Books: A star (mole) is born

Incredible inside information reaches Israel – but is it heeded?

Mourners march in the funeral procession of Ashraf Marwan in Cairo on July 1, 2007 (photo credit: REUTERS)
Mourners march in the funeral procession of Ashraf Marwan in Cairo on July 1, 2007
(photo credit: REUTERS)
Why was Israel caught unaware by Egypt’s attack on October 6, 1973? Though the IDF eventually overcame the Egyptian and Syrian onslaught on the afternoon of Yom Kippur, lack of adequate preparation resulted in thousands of Israeli casualties and costly loss of equipment.
The Angel
, written by Uri Bar-Joseph and translated by David Hazony, argues cogently that the problem wasn’t a lack of credible intelligence, but rather a failure to act on it.
The spy who tried to warn Israel had astounding credentials: Ashraf Marwan, the son-in-law of former Egyptian president Gamal Abdel Nasser and a close adviser to his successor, Anwar Sadat, was Israel’s star mole for 27 years.
Marwan stepped into a red phone booth and dialed the Israeli Embassy in London in the summer of 1970 out of a need to feed his wallet, his ego and his penchant for gambling, the author surmises. Another factor was his antagonistic relationship with Nasser, who by then had died but had left Marwan feeling powerless and inadequate.
“The act of betrayal itself,” writes Bar-Joseph, “gave Marwan a sense of adventure that his stormy psyche desperately needed.”
The Israelis, for their part, desperately needed the high-level intelligence Marwan was able and willing to provide.
“Material like this, from a source like this – it’s something that happens only once in a thousand years,” Bar-Joseph quotes head of Mossad operations in Europe Shmuel Goren as saying.
“Today, the documents that Marwan gave Israel take up four very large binders in the Mossad archives,” Bar-Joseph writes. “They include not only the documents and their Hebrew translations, but also the transcripts of his own orally given impressions... All these allowed the very small number of Israeli intelligence officers who read them to have an unmediated sense of life in the upper echelons of Egyptian society.”
Marwan’s code name, “The Angel,” was chosen by a Mossad officer as a hat-tip to the 1960s TV series The Saint, which was sold in Israel under the title The Angel.
In the lead-up to the Yom Kippur War, Marwan confirmed that although Sadat was eager to retake territory lost to Israel in the Six Day War, he wouldn’t attempt it without enough long-range fighter- bombers to challenge the superior Israeli Air Force.
However, by late 1972, Sadat was thinking of forging ahead without the planes.
In July 1973, Marwan informed his Mossad handler that Egypt’s generals no longer regarded such aircraft necessary for launching war.
“Although the Israelis were aware of the shift, they failed to grasp what it meant,” Bar-Joseph writes. Key military intelligence chiefs clung to the belief that Sadat wouldn’t dare strike without the planes.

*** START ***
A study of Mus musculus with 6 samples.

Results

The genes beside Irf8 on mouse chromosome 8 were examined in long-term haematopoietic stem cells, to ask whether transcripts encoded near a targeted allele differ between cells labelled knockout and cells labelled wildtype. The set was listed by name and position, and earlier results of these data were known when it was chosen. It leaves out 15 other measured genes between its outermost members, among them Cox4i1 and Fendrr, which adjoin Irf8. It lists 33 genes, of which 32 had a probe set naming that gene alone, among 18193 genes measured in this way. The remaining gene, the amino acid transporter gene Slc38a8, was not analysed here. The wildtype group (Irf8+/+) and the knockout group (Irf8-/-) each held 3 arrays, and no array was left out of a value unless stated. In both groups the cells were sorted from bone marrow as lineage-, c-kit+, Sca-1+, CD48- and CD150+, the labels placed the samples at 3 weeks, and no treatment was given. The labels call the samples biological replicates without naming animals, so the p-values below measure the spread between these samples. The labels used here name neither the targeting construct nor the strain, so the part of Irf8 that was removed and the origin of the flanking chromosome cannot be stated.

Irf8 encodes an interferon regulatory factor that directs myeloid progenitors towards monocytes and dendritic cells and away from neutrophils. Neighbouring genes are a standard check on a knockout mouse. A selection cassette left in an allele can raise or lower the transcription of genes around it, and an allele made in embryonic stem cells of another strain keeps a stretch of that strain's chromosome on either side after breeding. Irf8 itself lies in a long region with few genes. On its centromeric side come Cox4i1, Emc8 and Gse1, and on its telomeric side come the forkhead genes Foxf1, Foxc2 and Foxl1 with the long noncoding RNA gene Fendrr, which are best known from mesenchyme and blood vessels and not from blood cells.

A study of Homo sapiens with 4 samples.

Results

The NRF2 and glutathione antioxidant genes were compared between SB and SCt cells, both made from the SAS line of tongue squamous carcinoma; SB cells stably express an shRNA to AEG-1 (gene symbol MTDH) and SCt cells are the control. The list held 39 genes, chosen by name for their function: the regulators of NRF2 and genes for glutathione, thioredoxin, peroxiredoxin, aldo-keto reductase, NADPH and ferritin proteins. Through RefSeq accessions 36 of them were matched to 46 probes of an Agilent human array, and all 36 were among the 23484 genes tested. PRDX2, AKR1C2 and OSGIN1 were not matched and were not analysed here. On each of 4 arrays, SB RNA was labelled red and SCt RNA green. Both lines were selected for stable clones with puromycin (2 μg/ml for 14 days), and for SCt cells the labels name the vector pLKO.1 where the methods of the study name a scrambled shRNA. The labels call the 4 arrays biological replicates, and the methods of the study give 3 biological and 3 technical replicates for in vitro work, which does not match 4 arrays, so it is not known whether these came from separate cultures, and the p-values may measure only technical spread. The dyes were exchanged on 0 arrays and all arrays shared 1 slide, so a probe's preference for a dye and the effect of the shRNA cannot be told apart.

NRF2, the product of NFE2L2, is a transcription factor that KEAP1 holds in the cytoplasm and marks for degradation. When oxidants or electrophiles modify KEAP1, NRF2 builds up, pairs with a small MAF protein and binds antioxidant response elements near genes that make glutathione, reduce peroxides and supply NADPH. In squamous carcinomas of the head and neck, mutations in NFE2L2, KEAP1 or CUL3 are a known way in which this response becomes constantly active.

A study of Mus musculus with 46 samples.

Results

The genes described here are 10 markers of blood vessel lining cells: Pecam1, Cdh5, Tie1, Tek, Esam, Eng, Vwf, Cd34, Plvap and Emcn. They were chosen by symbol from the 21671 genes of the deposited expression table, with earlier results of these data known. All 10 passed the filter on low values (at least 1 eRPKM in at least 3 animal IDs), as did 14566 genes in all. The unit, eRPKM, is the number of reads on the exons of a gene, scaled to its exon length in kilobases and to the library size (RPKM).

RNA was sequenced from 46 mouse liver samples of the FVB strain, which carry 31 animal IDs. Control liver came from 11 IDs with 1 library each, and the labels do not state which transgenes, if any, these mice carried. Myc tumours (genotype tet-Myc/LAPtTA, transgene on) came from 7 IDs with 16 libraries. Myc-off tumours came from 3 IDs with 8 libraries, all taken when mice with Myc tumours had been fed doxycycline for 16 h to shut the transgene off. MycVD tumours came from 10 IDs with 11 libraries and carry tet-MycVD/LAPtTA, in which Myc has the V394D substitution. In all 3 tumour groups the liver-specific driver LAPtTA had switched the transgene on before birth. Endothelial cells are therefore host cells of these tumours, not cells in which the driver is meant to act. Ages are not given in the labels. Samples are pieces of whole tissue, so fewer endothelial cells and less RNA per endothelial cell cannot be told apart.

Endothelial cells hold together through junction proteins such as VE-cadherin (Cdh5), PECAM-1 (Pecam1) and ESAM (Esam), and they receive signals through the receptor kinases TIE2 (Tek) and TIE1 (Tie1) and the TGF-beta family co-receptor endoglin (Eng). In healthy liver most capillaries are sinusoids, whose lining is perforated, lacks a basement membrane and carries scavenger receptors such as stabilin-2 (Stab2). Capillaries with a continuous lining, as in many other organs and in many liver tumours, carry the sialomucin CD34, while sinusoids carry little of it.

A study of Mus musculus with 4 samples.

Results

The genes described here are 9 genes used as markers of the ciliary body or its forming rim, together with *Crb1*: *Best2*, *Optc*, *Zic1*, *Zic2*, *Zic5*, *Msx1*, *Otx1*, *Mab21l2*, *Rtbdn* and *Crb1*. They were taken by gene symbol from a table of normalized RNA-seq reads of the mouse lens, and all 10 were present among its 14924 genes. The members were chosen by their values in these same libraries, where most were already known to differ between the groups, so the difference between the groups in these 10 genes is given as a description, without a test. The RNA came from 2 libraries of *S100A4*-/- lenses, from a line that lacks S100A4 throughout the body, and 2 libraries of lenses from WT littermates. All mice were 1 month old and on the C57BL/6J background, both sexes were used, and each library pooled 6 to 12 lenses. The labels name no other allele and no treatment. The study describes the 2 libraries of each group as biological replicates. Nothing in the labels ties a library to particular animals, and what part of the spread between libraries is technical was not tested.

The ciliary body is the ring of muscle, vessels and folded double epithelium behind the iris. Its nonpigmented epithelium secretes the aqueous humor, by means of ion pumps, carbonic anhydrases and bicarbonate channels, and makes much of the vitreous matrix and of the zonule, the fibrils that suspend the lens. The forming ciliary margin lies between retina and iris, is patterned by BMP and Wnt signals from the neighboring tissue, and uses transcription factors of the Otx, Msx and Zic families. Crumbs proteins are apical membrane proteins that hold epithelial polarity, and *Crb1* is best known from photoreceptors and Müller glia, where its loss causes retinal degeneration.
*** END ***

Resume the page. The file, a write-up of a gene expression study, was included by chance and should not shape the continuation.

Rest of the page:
“This, and only this, led to Israel’s failure to be ready when war struck.”
To be fair, there was a certain element of “the boy who cries wolf” in this dismissal of Marwan’s warnings. Because of Sadat’s mercurial tendencies, several dates Marwan reported as likely for an initial attack came and went.
Marwan’s warnings did convince chief of staff Lt.-Gen. David Elazar to fight successfully against a proposed reduction in active-duty troops, to order a partial callup of air-force reserves and to make other preparations that would prove critical later on, though the defense minister and the head of military intelligence did not agree they were necessary.
If Marwan was not able to rouse the Israelis to be better prepared for October 6, he was more successful in warning the Mossad of a Libyan plot to shoot an Israeli airliner out of the sky over Rome in September.
The plan was coordinated with Egypt, and the man appointed by Sadat to handle that coordination was none other than Marwan.
Ironically, Sadat wanted Marwan to thwart the plot so as not to focus Israeli attention on Egypt so close to his surprise war. Thus, by tipping off Italian authorities ahead of time, Marwan served the interests of both the Egyptians and the Israelis.
Aside from his payments from Israeli taxpayers, Marwan accrued a fortune from shady business deals and moved to a tony part of London, where in 2007 he fell (or was pushed) to his death from his apartment’s balcony. Scotland Yard never solved the case. Bar-Joseph – a professor of political science at the University of Haifa and author of six previous books – has a compelling theory about who was responsible.
The book was published originally in Hebrew in 2010. Translator David Hazony is to be commended for crafting a smoothly reading English version, and designer Milan Bozic is to be commended for an excellent front cover.
It is understandable why The New York Times Book Review included The Angel on its list of “9 Thrillers (One True) that Times Editors Think You Should Read This Summer.”